1. Allow for sufficient rehearsal

Ideally, rehearsals should be similar to the preparation for a recital, with both partners working together in the service of the music and its presentation. Discuss a sensible rehearsal schedule with your pianist, well in advance of the event, but be prepared to be flexible if the repertoire is difficult. It takes time to develop good ensemble and no two performances of a work are the same, particularly when developing a new partnership.

2. Agree fees in advance

It is important that you have agreed a mutually-satisfactory fee schedule before working with a professional collaborative pianist. Any decision about fees must take into consideration the quantity and difficulty of the music to be prepared and travel requirements involved. Keep in mind your pianist is a professional and needs to learn their part (and yours) so that the first rehearsal is not just a sight-reading exercise. In some cases, this will require considerable time and effort, particularly if the repertoire is unfamiliar or virtuosic. Think of it as an investment in developing your future opportunities.


3. Confirm the repertoire and sheet music in advance

Some auditions or exams have a time limit and works may need to be cut to size. This should be worked out with your pianist and rehearsed thoroughly so that it sounds as natural as possible.  It is also important to make yourself familiar with the piano part before the first meeting – this should go without saying but is too often not the case. If your pianist doesn’t have their own musical scores, provide them with legible copies, in good condition, well before the rehearsals start. In some cases, score editions are an issue and singers usually prefer the transposition best suited to their particular voice-type. Sort this out early to avoid later confusion.


4. Make sure your pianist is well-informed

Ensure your pianist knows the date and time of the event and the venue in which it will take place. Is the venue difficult to find? Will there be an opportunity for a warm-up before the performance and when will this be? Are there any dress requirements? Make sure you both have access to mobile numbers in case of issues or emergency.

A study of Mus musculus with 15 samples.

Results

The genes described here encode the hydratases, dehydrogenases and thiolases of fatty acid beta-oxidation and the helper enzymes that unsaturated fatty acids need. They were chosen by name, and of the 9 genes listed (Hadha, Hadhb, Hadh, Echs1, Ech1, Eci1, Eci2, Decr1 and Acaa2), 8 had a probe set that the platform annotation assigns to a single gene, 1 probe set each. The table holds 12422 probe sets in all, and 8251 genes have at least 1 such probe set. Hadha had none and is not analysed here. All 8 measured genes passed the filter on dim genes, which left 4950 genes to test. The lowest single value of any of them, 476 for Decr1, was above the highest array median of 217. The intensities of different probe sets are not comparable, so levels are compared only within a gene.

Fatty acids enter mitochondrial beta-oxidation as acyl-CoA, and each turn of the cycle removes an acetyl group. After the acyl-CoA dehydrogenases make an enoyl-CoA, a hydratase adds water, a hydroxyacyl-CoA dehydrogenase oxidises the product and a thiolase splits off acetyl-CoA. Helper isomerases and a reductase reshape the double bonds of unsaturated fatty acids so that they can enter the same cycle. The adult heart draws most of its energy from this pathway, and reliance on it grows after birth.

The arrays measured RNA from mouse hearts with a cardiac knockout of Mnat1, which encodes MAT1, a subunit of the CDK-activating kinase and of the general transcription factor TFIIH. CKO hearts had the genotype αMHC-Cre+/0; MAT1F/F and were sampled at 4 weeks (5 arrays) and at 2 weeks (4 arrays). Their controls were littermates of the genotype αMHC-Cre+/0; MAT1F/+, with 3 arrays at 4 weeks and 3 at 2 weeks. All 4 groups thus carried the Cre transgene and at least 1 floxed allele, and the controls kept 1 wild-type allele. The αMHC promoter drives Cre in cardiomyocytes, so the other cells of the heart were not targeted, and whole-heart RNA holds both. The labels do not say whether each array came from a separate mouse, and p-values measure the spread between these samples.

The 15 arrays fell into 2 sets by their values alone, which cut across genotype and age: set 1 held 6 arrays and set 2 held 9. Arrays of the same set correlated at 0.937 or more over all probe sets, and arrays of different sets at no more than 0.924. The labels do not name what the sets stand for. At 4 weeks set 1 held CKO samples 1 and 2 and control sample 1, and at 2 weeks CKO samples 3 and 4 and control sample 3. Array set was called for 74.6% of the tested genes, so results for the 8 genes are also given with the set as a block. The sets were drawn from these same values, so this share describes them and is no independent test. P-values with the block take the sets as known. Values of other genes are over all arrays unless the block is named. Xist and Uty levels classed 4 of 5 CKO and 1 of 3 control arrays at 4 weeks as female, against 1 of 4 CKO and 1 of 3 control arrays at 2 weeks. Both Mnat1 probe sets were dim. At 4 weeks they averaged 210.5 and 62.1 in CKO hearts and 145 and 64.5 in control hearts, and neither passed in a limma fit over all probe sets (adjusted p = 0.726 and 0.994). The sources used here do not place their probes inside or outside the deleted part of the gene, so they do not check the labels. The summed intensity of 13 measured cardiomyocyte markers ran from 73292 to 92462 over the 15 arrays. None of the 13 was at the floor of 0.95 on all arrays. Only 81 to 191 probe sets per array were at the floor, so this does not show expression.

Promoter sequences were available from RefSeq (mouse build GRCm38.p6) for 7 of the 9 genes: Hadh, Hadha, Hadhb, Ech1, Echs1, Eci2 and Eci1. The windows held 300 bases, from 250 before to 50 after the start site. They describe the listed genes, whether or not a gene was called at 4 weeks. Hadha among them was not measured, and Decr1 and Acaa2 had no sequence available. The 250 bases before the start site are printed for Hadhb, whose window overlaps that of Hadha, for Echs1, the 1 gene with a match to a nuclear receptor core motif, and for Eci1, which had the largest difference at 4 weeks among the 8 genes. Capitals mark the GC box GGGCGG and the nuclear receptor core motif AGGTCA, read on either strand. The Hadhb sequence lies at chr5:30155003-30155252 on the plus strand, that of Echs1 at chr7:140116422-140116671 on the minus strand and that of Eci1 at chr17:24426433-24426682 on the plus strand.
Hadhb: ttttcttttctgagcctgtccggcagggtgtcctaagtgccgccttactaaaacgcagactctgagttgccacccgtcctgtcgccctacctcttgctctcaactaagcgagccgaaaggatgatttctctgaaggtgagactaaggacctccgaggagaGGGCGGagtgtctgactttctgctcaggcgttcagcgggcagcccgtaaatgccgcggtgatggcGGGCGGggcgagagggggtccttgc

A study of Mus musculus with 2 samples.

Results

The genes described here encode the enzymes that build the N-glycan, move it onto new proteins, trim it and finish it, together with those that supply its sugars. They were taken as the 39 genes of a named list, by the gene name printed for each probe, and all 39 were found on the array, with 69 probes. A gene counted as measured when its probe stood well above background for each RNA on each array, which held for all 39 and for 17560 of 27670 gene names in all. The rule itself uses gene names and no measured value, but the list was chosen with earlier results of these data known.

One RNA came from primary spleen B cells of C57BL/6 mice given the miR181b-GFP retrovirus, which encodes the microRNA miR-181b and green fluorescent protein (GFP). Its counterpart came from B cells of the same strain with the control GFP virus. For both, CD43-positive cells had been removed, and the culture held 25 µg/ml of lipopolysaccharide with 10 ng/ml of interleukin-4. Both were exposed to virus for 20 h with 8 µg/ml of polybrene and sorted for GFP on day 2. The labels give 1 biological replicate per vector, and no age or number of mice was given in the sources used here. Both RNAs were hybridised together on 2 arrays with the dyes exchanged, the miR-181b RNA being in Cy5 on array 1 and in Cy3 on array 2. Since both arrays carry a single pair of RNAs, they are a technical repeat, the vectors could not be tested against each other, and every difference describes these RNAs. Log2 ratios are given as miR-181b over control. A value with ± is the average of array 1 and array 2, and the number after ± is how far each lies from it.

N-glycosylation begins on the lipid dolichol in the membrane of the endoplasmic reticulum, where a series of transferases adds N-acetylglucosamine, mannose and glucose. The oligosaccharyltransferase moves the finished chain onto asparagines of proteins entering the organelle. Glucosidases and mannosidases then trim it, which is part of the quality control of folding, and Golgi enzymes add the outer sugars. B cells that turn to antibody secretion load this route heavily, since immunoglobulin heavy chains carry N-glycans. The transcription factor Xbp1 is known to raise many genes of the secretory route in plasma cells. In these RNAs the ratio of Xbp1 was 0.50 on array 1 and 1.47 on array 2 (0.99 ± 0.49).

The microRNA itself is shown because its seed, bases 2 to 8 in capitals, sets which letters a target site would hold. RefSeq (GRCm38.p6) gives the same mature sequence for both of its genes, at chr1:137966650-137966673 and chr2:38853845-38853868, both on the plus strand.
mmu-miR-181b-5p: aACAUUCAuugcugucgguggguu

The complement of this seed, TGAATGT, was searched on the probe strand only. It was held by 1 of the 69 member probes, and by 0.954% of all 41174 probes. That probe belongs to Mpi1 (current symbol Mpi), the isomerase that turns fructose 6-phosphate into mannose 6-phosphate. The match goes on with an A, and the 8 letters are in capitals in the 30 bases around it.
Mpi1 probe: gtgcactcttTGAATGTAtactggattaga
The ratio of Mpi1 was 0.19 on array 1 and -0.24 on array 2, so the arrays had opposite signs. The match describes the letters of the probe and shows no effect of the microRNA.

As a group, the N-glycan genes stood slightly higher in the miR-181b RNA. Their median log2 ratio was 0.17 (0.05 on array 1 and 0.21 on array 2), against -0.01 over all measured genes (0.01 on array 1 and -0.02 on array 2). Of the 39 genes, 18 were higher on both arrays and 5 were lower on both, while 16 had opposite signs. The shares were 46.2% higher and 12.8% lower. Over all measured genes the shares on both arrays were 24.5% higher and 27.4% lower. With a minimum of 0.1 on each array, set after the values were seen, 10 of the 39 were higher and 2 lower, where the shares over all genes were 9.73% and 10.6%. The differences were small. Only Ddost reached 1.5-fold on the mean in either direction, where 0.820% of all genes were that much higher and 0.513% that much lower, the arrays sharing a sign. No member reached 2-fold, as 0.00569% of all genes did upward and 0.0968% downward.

5. Make the most of the day

Don’t forget that auditions and exams are performances and should be treated as such. You should request the opportunity to rehearse briefly in the venue; to become used to the acoustic, the sight-lines with your pianist and the sound of an unfamiliar piano in the space. This is not too much to ask of a sympathetic and perceptive panel. Use the time immediately before the performance well, so that you feel able to reveal your true ability and potential.


6. Show your pianist respect

While you are the one being auditioned or examined, remember that your collaborative pianist may well be performing before a panel of fellow professional musicians. Inadequate rehearsal or a dismissive attitude during the performance could place unreasonable pressure on your pianist and indicate a lack of respect for musical partners and an inability (or unwillingness) to recognise professional standards of behaviour. This is likely to be noticed by the adjudicating panel.


When the performance begins, you will soon appreciate the value of careful preparation. Most of all, you will be aware that you are not alone – you have with you a familiar and respected colleague who will support you, through thick and thin, as you aim to present the very best you have to offer. Jo Allan puts it simply when she says, “the pianist is not just part of the scenery. Without a capable person behind you, you can’t be as good”.